Recommendations for a Classroom Teacher With a Child With Autism

By Alison LaFortune
Working with parents is key to helping autistic children in the classroom.
Working with parents is key to helping autistic children in the classroom.

Children with an autism spectrum disorder have trouble making sense of the world around them. They likely have sensory issues, difficulty with social skills and struggle to communicate their needs. These challenges can make the classroom an uncomfortable place for a child with autism. Their classroom teacher can take several steps to make learning easier for an autistic child.

Teaming Up with Parents

The child's parents have likely been working with their child's limitations due to autism for years. They are a great resource for finding out how to cater a lesson to their child's specific needs. The parents will know what has and has not worked for their child in past classrooms. Arrange a meeting with them in the beginning of the school year, and check in with them periodically throughout the school year, whether or not issues arise. No doubt they will want to know how their child is doing in the classroom, aside from the reports they get from the student themselves.

Managing Sensory Issues

If the parents tell the teacher about any sensory issues, such as difficulty with loud noises or close proximity to classmates, it will be beneficial for the teacher to work on ways to minimize these challenges. While it is impossible to eliminate any potential sensory triggers, the teacher can prepare for known issues. For example, if the child does not react well to the florescent lighting found in most classrooms, the teacher can move the student to a spot in the classroom near a window, for more natural light.

Building Social Skills

An autistic child frequently struggles with appropriate social responses. This makes it difficult for the child to get along with classmates and make friends. The teacher can help the child socially by explaining to his classmates, in basic terms, the implications of autism and by educating the autistic child on social cues. To introduce the topic of autism, the teacher may read a book written to explain autism to children. "Looking After Louis" by Leslie Ely is a good choice for this activity. If the other students are already familiar with the child's social limitations, say if they have been in the classroom with them for years, then the teacher can focus on helping the child to connect with his classmates. Social cues flashcards -- cards with pictures of faces showing emotions -- can be a tremendous help for children who have difficulty interpreting others' emotions by looking at their face. Recognizing their classmates' emotions can help the autistic child to react appropriately in social situations.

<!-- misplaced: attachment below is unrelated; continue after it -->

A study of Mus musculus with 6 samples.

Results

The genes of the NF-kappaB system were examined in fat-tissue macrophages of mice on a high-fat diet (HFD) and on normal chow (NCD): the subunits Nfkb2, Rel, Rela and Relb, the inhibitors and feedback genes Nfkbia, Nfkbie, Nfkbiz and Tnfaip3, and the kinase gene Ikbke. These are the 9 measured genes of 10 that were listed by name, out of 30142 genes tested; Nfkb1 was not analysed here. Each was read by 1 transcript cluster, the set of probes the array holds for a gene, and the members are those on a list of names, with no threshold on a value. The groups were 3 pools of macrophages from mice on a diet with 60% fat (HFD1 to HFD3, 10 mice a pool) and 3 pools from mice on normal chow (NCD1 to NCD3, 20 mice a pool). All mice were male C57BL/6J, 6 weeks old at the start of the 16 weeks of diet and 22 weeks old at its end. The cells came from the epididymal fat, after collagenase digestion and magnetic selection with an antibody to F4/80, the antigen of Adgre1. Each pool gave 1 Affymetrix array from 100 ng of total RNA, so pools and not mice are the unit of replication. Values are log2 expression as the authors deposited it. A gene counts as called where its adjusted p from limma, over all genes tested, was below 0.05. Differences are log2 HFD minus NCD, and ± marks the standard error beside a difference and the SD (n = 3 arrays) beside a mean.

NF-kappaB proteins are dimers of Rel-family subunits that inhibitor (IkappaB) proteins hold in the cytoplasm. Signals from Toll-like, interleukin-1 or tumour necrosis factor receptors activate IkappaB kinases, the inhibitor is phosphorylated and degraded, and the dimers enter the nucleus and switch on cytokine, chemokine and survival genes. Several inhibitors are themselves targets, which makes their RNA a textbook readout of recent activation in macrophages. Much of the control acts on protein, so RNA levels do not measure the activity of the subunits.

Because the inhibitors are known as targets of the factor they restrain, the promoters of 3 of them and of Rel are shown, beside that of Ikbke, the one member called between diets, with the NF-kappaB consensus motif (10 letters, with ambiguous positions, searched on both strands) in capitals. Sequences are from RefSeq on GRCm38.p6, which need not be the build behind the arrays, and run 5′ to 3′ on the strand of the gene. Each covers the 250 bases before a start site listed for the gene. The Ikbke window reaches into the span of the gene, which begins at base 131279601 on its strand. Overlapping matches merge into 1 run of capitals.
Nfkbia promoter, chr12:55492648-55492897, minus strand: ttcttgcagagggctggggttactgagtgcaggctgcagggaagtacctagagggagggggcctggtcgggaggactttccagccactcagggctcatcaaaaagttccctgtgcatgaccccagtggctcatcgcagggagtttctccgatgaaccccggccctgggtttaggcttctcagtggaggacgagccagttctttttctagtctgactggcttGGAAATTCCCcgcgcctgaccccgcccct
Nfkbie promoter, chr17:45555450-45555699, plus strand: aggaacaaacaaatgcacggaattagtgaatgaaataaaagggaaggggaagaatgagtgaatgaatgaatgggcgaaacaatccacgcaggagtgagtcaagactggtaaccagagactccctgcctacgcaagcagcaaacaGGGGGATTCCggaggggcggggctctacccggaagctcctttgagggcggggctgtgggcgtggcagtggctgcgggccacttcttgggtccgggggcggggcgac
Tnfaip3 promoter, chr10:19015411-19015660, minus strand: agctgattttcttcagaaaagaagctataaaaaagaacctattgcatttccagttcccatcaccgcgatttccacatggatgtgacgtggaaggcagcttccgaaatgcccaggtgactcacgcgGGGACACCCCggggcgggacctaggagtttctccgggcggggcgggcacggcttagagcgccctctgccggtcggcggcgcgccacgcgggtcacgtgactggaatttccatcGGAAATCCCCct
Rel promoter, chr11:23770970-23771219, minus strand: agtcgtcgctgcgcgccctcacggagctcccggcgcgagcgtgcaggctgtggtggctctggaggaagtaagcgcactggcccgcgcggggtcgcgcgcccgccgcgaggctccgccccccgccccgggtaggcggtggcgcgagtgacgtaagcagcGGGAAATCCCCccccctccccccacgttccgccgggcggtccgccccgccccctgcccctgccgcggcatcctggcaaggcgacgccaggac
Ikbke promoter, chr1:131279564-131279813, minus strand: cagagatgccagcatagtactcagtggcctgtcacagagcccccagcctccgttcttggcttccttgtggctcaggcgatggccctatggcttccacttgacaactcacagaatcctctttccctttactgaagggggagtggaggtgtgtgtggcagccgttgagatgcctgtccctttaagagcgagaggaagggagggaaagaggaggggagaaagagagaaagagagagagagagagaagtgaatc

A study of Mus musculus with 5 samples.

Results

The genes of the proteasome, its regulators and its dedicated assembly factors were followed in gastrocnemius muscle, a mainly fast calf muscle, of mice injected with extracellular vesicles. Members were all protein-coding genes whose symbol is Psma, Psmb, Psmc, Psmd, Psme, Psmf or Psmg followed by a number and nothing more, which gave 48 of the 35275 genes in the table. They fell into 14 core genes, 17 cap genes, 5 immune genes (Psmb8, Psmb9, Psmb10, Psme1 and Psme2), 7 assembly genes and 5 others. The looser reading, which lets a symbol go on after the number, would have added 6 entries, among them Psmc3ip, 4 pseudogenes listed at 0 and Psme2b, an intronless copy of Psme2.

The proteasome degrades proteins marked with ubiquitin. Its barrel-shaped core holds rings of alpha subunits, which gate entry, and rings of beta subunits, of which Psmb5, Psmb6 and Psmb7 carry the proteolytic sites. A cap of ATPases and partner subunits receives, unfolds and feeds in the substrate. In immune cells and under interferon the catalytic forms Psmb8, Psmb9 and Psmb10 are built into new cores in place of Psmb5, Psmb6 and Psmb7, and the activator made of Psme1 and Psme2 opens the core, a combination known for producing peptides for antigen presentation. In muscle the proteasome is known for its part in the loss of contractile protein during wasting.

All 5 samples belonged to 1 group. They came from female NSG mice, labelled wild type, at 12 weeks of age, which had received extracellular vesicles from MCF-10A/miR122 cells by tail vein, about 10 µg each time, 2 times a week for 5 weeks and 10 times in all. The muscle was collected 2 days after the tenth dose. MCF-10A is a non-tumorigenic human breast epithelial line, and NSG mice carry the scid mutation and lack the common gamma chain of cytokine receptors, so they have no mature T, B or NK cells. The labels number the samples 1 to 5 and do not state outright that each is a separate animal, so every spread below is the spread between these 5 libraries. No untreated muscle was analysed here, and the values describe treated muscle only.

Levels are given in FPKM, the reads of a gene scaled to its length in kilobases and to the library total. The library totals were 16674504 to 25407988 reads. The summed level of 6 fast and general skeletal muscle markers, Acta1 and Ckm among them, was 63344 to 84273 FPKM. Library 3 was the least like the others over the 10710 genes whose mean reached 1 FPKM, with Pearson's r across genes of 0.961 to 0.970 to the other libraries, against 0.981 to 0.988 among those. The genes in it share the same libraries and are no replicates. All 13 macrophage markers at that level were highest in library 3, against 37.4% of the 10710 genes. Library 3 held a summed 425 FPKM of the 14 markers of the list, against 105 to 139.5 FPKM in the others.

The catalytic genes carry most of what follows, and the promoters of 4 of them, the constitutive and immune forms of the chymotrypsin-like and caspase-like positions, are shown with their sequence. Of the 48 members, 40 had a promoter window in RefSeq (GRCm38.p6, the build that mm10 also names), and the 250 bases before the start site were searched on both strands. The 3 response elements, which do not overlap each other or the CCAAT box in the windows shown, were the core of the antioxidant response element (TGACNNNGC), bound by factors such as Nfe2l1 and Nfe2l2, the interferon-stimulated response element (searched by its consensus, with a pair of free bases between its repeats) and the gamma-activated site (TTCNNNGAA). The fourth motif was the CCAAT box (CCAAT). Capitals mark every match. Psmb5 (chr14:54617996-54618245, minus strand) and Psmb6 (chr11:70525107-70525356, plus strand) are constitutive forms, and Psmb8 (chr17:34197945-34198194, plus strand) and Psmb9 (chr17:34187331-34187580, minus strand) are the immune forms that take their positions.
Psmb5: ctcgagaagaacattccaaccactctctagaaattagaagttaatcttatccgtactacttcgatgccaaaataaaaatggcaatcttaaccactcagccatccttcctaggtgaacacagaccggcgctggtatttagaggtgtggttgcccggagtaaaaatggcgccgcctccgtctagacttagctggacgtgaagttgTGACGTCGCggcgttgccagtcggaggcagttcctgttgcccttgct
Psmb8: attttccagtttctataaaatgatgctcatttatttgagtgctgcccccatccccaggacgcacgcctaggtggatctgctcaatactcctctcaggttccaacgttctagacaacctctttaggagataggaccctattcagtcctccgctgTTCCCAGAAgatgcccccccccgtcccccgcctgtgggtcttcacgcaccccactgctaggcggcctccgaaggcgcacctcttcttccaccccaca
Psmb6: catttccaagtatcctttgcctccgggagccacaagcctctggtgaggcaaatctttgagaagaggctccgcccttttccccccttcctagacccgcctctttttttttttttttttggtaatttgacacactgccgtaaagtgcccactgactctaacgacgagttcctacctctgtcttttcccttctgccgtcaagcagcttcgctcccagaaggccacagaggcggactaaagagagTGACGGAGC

Helping the Child with Communication

The classroom teacher can help an autistic child to communicate their needs throughout the school day. Autistic children struggle with expressing themselves, and teachers can aid in this process by providing pictures of items or of people demonstrating common requests that the child might have while in the classroom. If the child is overwhelmed and has trouble expressing themselves during a stressful moment, she can point to the picture to help communicate with her teacher, and work though the situation.

Organized, Predictable Schedule is Essential

All students benefit from an organized classroom schedule, but autistic children in particular thrive under a system with predictability. Knowing what comes next in the school day helps the autistic child to feel in control. They are better able to manage stressful feelings that may come with transitioning from one activity to the next. Having a routine in the classroom will help both the teacher and the child to avoid stressful triggers that can come from an autism spectrum disorder.

About the Author

Alison LaFortune specializes in articles on education and parenting. She has a Bachelor of Science in elementary education, and taught seventh grade science and language arts for five years.